Children and families experience many transitions, large and small, over the years. Three predictable transitions occur when children reach school age, when they approach adolescence, and when they move from adolescence to adulthood. Other transitions include moving into new programs, working with new agencies and care providers, and making new friends. Transitions involve changes: adding new expectations, responsibilities, or resources, and letting go of others.
Please see the Transition page under Physicians and the Adolescent Transition page under Resources and Support for more information.
Young Adult Transition- Washington State Resources
The Washington State Adolescent Health Transition Project
Wonderful information and tools to assist families who have children or youth with special health care needs from birth through young adulthood. This project was originally funded by the Washington State Department of Health, Children with Special Health Care Needs Program. The website and materials are now maintained by the University of Washington LEND Program.
The Center for Change in Transition Services, Seattle University
Web site provides special education teachers, directors, students and their families with resources, information and news regarding secondary special education and transition services.
Informing Families, Building Trust
Website with information from the Developmental Disabilities Council and the Division of Developmental Disabilities, in partnership with other organizations, to improve the communication available to families who have individuals with disabilities. Resource sections by age groups: 0-3, 3-16, 16-21, 21-40, and 40+ years.
ACHIEVE program at Highline Community College, Des Moines, WA
Helps transition aged students with intellectual disabilities gain access to the
array of courses and programs offered at the college. The ACHIEVE program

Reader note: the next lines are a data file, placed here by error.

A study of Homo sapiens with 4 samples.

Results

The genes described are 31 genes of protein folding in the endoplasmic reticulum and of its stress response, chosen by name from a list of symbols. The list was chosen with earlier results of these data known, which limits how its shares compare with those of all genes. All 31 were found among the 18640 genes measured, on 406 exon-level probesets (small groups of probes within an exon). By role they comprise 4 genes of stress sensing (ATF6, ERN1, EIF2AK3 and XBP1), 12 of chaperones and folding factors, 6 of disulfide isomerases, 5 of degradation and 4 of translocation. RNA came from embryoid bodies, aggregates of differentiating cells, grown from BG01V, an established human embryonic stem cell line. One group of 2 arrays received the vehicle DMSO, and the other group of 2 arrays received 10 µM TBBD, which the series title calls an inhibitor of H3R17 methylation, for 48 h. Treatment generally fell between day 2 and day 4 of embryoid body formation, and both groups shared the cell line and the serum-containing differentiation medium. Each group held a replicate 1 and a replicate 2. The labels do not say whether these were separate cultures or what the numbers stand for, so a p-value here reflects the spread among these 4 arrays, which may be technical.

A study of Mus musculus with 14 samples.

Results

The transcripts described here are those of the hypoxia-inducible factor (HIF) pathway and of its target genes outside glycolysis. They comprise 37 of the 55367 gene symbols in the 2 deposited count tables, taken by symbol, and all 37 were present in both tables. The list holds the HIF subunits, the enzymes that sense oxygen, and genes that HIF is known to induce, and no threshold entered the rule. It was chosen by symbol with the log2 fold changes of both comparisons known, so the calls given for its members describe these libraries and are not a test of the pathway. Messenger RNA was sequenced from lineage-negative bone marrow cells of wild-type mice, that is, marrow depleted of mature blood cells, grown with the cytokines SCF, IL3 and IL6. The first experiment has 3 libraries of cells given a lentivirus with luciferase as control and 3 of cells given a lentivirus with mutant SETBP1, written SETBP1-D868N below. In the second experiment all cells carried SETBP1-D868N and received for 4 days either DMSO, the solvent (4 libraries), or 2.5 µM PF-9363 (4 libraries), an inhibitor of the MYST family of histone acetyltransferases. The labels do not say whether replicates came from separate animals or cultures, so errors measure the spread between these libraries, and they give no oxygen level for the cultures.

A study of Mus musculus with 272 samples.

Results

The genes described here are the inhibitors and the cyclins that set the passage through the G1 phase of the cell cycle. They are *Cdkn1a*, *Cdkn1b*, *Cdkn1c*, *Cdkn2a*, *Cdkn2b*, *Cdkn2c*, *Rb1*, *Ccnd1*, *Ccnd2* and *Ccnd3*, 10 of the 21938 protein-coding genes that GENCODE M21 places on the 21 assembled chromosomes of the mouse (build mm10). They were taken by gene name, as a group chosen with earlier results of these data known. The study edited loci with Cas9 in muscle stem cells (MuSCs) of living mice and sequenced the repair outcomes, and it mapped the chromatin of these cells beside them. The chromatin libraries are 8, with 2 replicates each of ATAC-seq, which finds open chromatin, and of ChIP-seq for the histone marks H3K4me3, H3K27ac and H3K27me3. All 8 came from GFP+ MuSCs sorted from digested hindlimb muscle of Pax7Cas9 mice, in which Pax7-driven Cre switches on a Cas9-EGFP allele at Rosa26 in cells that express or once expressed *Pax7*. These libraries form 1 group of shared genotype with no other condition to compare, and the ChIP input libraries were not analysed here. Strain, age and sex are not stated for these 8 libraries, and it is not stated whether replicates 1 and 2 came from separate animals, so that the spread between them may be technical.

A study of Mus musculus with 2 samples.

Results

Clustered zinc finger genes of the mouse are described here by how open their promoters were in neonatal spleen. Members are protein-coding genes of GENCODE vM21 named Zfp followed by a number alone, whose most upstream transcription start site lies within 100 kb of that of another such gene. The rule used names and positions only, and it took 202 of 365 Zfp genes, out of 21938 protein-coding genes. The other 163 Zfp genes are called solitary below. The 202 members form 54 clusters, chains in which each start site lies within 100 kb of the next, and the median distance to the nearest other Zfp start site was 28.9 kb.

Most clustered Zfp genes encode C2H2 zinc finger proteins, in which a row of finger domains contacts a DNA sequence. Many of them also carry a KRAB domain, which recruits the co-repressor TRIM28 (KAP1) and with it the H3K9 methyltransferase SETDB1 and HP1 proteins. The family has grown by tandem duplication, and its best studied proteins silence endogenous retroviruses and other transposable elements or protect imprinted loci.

supports Highline's mission and values of equal access and quality educational
opportunities by providing intensive supported education and employment services
for students with intellectual disabilities to help them pursue their dreams of
ACHIEVE specifically targets young people with
intellectual disabilities who are still eligible for special education funding
from their local school districts to transition into higher education as well as
students with intellectual disabilities who have exited the K-12 system and are
between the ages of 18-24.
Occupational and Life Skills (OLS) Program- Bellevue College, WA
OLS at Bellevue College is a 90 credit associate degree program for students with varying disabilities that interfere with learning success in a traditional college environment. Specialized instruction assists students to learn course content. All courses focus on critical thinking and problem solving with an emphasis on self-determination and advocacy. Students are instructed in soft skills required to maintain successful employment. Students develop a career pathway, expand interpersonal skills, take part in service learning, and participate in internship experiences. Admissions information is available at
Young Adult Transition- National Resources
National resource for health care
professionals, families, youth, and state policy makers focusing on a young
adult's transition from pediatric to adult health care. This site serves as the
basis for an information exchange about health care transition, particularly as
pertaining to youth with special health care needs.
Transition Workbooks - Children's Medical Services Network
Health Care Transition Workbooks for Parents and Youth
Created by John Reiss, Ph.D. and Robert Gibson, MSOTR/L
and the Institute for Child Health Policy at the University
of Florida. Workbooks for ages 12-14 years, 15-17 years,
and 18 years and older.
Special Needs Trusts: Planning for the Financial Future
Many children with disabilities will outlive their parents. Experts recommend that parents who have children with disabilities who will have a hard time being financially independent set up a special needs trust. Special needs trusts can give disabled adults a cushion while allowing them to take advantage of Medicaid and Supplemental Security Income.